The Risk Manager, Winter 2011
It is heart breaking when defending a malpractice claim to find that a key defense document in the client file is merely a draft or an unauthenticated copy of an order or judgment and is of little probative value standing alone. When the court records fail to substantiate the validity of the document, a winning case can suddenly become a loser. We asked David Yewell, of Yewell Law, LLC, Owensboro, and a member of Lawyers Mutual’s Board of Directors, to share how his office risk manages this concern:
- We keep a written list of all tendered orders and judgments in all cases that have left this office or are known to us to exist in which we have an interest.
- If there is a time limitation on entry, we note that date on the list and calendar to check on the actual entry at least two to three days in advance and then daily until entered by the due date.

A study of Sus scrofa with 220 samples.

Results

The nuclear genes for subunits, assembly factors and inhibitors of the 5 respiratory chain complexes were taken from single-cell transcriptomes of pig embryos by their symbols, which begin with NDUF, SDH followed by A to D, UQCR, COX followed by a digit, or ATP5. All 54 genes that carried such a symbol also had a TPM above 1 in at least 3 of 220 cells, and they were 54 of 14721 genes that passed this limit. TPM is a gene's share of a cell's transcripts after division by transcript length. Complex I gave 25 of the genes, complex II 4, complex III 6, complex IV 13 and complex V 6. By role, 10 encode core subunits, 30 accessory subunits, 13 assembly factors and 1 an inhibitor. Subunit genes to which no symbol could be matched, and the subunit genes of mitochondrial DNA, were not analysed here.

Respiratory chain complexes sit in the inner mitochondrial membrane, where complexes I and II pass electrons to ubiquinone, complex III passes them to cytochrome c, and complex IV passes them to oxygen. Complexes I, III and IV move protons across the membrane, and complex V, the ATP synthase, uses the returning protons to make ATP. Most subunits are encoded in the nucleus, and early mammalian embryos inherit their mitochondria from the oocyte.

- If there is no time limit, and after a reasonable time (normally five to seven days) we have not received our signed and entered copy, we start checking on the status of its entry. First we call the clerk and make sure it is not in the record. Then we work backwards by calling the attorneys and ultimately, if not located, the judge’s office to inquire as to its status.
- If the document cannot be located, we re-circulate the instrument and start the process over making sure of its ultimate entry.
- When we receive the “filed-stamped copy” for our office-pleading file, we immediately index its entry into our file and make sure it is placed in proper order.
- Finally, as one last check – every 60 to 90 days for every active lawsuit, we match our office-pleading file with that of the actual court record. This can usually be done on-line by use of the KBA CourtNet database and, of course, on the website of the federal courts. I sleep better knowing my office-pleading files match exactly the court records.
- While this may not be a perfect process, it has worked for us here. I have found that we all make mistakes – lawyers, paralegals, secretaries, runners, clerks and yes, even judges. The key to this is that when such a mistake is realized, we can honestly state that this is the process we have followed that produced knowledge of a mistake which we immediately acted upon by notification of the court with a properly prepared notice motion or pleading of some nature. It is not so much what happens rather than HOW we deal with it.